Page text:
Life forges philosophies

by Chris Lorensson on 12 August 2010 with comments


Over the years I realised how much I’ve changed as a person, and how I’ve developed a little unwritten list of personal philosophies.

Some of these things actually stem from my childhood – excuse the Freudian nature – such as the philosophy of doing things correctly. I realised a few years ago that the only form of procrastination I’ll entertain is when I’m unable to do something properly – if something is blocking me somehow or if I don’t have the tools I need to do it right, it won’t happen until I do.

My best guess is that this behaviour comes from how I was raised by my father. He is not a perfectionist, but he is a very hard worker and, in challenging me to do things well, I’ve finally gotten it! (albeit quite awhile after I left home)

Examples like this, I’ve noticed, can be seen in my daily routines and in every aspect of my life. They have formed who I am today and have become a part of me.

Some more examples of some of my own personal philosophies are:

  • That doing things like riding the bike home in the rain instead of catching the bus are good for the soul
  • That many, many things are better left unsaid – pearls and wisdom and whatnot
  • That either nothing is sacred, or everything is (still working on this one, but i’m convinced there’s no in-between)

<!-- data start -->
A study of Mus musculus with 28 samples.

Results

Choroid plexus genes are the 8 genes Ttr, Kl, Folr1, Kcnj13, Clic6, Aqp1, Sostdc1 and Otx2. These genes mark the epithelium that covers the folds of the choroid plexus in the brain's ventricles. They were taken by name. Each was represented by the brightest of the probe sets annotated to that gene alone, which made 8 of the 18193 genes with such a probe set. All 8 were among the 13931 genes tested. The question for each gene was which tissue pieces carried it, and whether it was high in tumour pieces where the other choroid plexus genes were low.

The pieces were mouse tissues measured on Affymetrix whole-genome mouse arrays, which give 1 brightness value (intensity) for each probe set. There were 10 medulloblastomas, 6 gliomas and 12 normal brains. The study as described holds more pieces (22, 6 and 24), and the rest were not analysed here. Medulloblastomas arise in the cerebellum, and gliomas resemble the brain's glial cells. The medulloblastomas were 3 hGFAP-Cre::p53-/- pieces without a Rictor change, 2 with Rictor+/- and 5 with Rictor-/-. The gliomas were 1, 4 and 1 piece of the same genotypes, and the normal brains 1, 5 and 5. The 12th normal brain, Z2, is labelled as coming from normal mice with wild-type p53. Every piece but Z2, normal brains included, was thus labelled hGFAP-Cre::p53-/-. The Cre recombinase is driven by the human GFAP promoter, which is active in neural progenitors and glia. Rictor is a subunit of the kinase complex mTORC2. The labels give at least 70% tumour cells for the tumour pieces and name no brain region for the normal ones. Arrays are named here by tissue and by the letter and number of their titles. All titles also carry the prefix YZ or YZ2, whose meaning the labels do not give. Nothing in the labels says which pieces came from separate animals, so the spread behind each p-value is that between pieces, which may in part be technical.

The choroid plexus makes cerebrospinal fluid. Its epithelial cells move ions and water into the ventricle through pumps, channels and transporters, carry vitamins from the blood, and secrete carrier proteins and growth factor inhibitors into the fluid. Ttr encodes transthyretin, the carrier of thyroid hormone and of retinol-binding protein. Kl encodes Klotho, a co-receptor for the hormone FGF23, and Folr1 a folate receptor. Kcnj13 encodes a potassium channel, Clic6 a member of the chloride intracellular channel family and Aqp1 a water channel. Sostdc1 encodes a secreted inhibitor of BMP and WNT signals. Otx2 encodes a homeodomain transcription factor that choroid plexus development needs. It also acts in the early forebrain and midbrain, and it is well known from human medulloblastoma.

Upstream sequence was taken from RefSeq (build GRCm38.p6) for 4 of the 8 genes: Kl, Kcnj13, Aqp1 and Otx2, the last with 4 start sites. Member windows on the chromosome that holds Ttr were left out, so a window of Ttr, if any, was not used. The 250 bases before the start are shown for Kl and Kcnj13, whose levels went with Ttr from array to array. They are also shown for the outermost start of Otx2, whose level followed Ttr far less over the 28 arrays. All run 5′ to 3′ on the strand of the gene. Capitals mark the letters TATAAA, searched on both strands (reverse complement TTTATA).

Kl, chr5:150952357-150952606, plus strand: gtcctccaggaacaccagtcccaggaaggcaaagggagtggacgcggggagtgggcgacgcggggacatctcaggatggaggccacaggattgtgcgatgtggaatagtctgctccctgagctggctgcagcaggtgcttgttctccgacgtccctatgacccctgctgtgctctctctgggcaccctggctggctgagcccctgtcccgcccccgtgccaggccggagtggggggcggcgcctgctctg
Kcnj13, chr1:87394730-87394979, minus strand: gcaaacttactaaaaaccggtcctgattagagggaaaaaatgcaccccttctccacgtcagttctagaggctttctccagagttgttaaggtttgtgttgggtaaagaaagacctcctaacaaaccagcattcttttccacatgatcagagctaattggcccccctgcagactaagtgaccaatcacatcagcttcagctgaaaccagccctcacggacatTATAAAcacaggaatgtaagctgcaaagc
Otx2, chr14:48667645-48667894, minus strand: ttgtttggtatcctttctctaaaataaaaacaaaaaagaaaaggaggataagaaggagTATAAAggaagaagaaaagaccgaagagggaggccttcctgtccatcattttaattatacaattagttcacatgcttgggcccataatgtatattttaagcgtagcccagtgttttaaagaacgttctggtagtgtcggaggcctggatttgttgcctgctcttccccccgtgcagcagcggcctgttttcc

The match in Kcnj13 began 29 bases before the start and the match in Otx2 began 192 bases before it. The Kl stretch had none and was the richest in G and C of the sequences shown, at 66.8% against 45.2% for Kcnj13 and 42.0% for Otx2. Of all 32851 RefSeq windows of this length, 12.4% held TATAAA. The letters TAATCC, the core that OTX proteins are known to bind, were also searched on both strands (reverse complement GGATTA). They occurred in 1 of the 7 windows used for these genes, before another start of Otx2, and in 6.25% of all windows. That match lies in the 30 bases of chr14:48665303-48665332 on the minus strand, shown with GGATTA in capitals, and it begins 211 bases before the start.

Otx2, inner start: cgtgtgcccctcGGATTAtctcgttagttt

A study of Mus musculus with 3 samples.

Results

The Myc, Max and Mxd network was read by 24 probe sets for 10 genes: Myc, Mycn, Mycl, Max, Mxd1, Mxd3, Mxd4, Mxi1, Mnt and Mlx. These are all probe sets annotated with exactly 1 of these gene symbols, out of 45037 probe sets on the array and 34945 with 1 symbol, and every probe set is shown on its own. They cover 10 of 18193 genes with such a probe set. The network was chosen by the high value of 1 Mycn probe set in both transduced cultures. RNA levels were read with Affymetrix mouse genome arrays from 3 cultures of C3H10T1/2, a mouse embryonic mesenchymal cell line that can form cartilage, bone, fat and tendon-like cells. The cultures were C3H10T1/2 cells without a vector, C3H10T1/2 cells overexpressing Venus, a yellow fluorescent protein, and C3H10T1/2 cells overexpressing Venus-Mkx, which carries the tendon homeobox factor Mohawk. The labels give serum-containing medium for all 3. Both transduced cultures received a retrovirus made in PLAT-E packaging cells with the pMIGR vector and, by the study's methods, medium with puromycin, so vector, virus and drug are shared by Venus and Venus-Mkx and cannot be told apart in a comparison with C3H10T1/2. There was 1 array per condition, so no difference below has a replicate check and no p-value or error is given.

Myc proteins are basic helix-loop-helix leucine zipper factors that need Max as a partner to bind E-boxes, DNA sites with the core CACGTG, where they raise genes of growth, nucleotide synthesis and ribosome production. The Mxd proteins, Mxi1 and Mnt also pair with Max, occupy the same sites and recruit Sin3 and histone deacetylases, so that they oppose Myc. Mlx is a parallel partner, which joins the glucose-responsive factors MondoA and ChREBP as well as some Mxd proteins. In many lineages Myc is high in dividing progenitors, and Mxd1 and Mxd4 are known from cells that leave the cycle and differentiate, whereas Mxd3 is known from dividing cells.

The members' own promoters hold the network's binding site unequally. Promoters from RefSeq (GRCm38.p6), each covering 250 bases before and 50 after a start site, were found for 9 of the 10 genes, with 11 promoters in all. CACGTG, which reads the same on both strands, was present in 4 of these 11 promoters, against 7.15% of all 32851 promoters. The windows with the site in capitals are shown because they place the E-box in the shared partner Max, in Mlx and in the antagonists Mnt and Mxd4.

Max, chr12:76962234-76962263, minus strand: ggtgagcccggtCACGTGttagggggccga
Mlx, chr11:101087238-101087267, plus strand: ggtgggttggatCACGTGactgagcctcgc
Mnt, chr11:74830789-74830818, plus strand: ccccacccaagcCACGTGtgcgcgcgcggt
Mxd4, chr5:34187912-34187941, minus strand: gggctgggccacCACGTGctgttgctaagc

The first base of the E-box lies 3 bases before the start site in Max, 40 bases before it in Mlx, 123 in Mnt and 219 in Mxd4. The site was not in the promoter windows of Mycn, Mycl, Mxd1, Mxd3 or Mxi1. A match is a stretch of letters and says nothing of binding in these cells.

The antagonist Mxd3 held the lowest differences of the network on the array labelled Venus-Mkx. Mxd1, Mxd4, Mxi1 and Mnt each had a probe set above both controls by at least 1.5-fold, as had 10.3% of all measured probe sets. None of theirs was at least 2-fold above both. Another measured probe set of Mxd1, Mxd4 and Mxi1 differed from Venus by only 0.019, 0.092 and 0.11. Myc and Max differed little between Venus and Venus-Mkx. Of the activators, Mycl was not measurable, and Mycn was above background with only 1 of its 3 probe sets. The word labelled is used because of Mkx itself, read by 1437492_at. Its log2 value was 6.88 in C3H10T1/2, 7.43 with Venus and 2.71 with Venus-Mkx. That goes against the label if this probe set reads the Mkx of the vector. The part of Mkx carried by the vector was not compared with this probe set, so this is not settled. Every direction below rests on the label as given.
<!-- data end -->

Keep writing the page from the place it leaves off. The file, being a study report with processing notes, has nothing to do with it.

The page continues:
• That the most precious possession a man can have on Earth is a family
  • That life is NOT like a box of chocolates at all, in fact, it is what you make it
  • That the world is more flexible and forgiving than The West would want you to believe
  • That if anything IS sacred, then friendship should definitely be one of those things

I’d go on, and maybe will in a future post, but the thing I want to point out is that we are shaped by our responses. How we’ve responded to circumstances in our childhoods through to today has inevitably shaped who we are today. It is important to know what you believe about life. In God’s pleasure He made us all so very different, and that makes you and I the Spice of Life.

Your responses are what create your philosophies. These response patterns in your history create a ripple effect in a pool of cement, and they eventually set- so it’s important that they set correctly, because that cement will be the foundation upon which your character is built.